Black History Month: On Backing Vocals, Mr. Luther Vandross!

Thursday, February 15, 2018

In Rhino’s continued celebration of Black History Month, we decided to step outside the box to shine the spotlight on someone whose recordings aren’t even a part of our catalog…or, more specifically, his own recordings aren’t. Before becoming a superstar singer in his own right, Luther Vandross carved himself a niche as the go-to guy for soulful backing vocals, so much so that it didn’t take long to pull together a list of 10 examples of his work, all of which are found within Rhino’s catalog. Hooray for Luther Vandross!

1. David Bowie, “Young Americans” (1975): Although Bowie had plenty of MVPs in his midst during his recording sessions and live performances, there was no question that Vandross had the pipes to be a star, and Bowie offered him plenty of support as Vandross was finding his own footing. In fact, according to Craig Seymour’s book Luther: The Life and Longing of Luther Vandross, Bowie actually told Vandross in December 1974, “You’re going to make it…next year is your year!” Indeed, it was the year that Vandross’s career as a background vocalist kicked into gear in a big way, and in no small part because of his contributions to Bowie’s big hit.

2. Bette Midler, “Strangers In The Night” (1975): In a February 1982 interview with The Black Collegiate Magazine, Vandross credited Bowie with introducing him to Midler, who had him sing background vocals for her cover of “Strangers in the Night” on her album SONGS FOR THE NEW DEPRESSION. “Then word of mouth started getting around: ‘There’s this guy named Luther who does that number,’” recalled Vandross. “But now one of the contexts you have to understand was that the background singing has always been a female-dominated area. I was bringing stuff of my own to the sessions that was kind of unique in terms of how to do background vocals. And later I learned never to give away anything you can sell, so I started charging for this extra bit of approach, which was fine, because by this time everyone wanted it so bad that they were willing to pay for it.”

3. The J. Geils Band, “Surrender” (1977): In a June 1995 interview with journalist Larry Katz, Vandross spoke at length about his career as a background vocalist, putting tremendous emphasis not only on how important it was at the time but, indeed, how strongly he still felt about his experiences working with such artists as – among others – The J. Geils Band. “When I got the chance to do background vocals on a professional level, in my mind I had made it,” said Vandross. “There really was no seed of discontent. The fact that I had admired background singer to that degree, when I got to sing for Roberta Flack and the J. Geils Band and David Bowie and Todd Rundgren and Carly Simon and all those people, I had made it in my mind. It was absolutely fine for me. If nothing else happened I was okay with what I was doing.”

4. Chic, “Everybody Dance” (1977): Vandross became good friends with Chic member Fonzi Thornton over the course of his life, with the two having known each other since they were kids, but one has to presume that it was a particularly special experience when they got to work together on the first few Chic albums. (In addition to the band’s self-titled debut, Vandross can also be heard on 1978’s C’EST CHIC.)

5. Average White Band and Ben E. King, “Get It Up For Love” (1977): Vandross’s work on this awesomely funky collaboration was not an isolated experience in terms of the time he spent with King. In short order, King got to work on a solo album, and when the time came to put together the crew to do it, Vandross was right there in the mix.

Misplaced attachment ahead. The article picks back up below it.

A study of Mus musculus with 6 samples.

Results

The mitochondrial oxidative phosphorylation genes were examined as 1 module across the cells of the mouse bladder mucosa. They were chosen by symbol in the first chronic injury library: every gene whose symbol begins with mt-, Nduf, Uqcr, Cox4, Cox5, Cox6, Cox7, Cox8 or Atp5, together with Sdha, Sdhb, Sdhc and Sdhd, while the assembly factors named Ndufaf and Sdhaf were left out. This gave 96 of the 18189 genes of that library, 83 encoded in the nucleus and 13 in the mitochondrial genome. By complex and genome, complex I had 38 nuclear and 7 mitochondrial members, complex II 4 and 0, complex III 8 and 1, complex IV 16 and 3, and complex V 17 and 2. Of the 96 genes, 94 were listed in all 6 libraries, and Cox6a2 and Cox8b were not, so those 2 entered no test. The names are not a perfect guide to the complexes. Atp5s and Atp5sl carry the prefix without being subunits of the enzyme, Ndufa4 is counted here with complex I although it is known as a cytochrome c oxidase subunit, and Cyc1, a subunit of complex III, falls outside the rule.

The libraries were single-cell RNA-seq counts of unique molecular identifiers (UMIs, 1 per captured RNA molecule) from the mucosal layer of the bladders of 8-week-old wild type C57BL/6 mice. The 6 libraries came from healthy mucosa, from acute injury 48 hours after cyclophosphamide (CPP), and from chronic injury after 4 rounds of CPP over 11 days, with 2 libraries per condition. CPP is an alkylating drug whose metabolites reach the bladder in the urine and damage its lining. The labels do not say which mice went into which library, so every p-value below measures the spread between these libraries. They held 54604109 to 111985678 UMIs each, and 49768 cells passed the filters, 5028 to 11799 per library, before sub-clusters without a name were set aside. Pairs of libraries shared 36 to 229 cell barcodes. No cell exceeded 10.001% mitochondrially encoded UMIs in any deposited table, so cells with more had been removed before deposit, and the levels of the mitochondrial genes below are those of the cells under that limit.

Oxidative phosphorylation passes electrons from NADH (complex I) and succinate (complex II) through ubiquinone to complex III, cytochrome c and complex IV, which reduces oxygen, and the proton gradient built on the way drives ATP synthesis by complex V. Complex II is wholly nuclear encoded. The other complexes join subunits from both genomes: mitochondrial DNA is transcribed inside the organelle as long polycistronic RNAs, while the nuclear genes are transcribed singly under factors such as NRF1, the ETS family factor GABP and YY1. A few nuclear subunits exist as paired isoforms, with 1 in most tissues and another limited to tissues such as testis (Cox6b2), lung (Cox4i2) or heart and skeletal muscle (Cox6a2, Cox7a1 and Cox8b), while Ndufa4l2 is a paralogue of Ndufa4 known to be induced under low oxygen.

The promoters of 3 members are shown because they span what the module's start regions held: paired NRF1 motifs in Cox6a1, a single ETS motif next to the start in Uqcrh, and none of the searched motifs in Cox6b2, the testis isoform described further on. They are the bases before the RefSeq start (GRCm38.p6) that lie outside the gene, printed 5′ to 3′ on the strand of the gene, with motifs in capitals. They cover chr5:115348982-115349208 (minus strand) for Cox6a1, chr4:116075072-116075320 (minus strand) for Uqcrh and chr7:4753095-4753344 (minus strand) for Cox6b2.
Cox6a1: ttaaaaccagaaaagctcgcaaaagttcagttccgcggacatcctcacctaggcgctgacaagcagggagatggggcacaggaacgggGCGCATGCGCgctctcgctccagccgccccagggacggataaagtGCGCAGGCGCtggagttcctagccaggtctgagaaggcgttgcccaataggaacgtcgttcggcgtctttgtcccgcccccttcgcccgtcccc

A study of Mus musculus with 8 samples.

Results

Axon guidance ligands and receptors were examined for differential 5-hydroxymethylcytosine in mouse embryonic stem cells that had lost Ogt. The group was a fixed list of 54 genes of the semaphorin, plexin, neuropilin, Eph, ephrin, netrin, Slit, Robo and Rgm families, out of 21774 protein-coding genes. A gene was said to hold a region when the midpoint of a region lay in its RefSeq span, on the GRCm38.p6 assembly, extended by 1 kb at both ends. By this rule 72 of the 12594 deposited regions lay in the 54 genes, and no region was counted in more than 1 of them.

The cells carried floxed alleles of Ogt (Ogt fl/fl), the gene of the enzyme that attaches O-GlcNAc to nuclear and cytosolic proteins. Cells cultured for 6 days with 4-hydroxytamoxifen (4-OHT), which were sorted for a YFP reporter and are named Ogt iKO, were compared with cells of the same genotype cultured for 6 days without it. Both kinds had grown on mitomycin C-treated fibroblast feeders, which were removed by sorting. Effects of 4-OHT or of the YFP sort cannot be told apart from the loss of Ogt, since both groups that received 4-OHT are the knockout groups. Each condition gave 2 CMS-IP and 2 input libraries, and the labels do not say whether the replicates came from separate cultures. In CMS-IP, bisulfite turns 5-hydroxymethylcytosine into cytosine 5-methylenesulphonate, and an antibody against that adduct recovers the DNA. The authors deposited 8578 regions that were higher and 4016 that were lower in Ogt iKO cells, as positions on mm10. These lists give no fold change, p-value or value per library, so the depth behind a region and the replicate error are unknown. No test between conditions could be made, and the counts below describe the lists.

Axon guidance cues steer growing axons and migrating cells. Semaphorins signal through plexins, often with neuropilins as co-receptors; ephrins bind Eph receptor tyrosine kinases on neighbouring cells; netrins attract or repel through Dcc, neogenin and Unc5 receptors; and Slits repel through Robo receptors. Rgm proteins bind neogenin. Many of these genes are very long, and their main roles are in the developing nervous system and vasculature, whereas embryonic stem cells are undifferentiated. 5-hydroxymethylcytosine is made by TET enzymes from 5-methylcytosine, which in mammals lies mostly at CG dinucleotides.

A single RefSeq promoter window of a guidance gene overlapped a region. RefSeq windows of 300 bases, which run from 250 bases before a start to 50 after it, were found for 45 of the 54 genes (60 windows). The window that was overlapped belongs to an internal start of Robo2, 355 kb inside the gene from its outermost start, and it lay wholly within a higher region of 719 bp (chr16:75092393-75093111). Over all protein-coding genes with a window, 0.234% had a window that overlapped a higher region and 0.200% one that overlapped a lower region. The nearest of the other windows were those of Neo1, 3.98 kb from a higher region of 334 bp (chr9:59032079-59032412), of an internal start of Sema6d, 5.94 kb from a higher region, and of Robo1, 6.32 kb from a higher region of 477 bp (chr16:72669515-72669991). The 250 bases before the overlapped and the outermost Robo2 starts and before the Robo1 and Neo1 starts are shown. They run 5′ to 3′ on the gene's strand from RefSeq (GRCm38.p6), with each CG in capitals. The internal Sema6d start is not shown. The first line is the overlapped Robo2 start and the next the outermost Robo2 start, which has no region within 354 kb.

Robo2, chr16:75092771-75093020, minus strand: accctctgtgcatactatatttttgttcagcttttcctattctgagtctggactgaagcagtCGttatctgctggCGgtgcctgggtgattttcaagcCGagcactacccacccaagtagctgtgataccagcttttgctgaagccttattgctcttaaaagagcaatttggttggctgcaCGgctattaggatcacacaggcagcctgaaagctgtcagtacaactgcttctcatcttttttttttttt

6. Ringo Starr, “Drowning In The Sea Of Love” (1977): Ringo’s recorded output during his stint on Atlantic Records was not burdened by chart-topping material, but it was nonetheless full of contributions by talented individuals, including Vandross, who – given that he watched The Beatles’ appearance on The Ed Sullivan Show like everyone – was probably just as excited to work with Ringo as you’d expect.

7. Carly Simon, “De Bat (Fly In The Face)” (1978): This wasn’t the only time Vandross worked with Simon – he also contributed to her 1985 song “Can’t Give It Up” – but this is definitely one worth hearing if you’re unfamiliar with it. We’re not sure if it officially qualifies as calypso, but that’s clearly what Simon was going for, so we’re giving her belated kudos for making a concerted effort to try and step outside the box.

8. Roy Buchanan, “Down By The River” (1978): Vandross first worked with Buchanan on the latter’s 1976 album, A STREET CALLED STRAIGHT, but here he joins forces with Alfa Anderson, David Lasley, and Krystal Davis on backing vocals while Gary St. Clair takes lead vocals.

9. Roberta Flack, “You Are Everything” (1978): Vandross participated in a number of sessions with Flack…so many, in fact, that she reportedly encouraged him to start his own career. Per SongFacts, Flack accused Vandross of getting "too comfortable" in his career as a backing singer, at which point he decided to make a move toward doing something about his situation. In turn, he recorded demos for the songs “Never Too Much” and "Sugar And Spice,” and not only did the former song end up serving as the title track to Vandross’ self-titled 1981 debut album, but it became a #1 hit on Billboard’s R&B Singles chart.

10. Carole Bayer Sager, “One Star Shining” (1978): Vandross was always a guy who knew his way around a good song, so he’d naturally appreciate Bayer Sager’s gift for penning hits. While her own work as a singer never hit the same chart heights, Vandross happily contributed his vocals to the LP.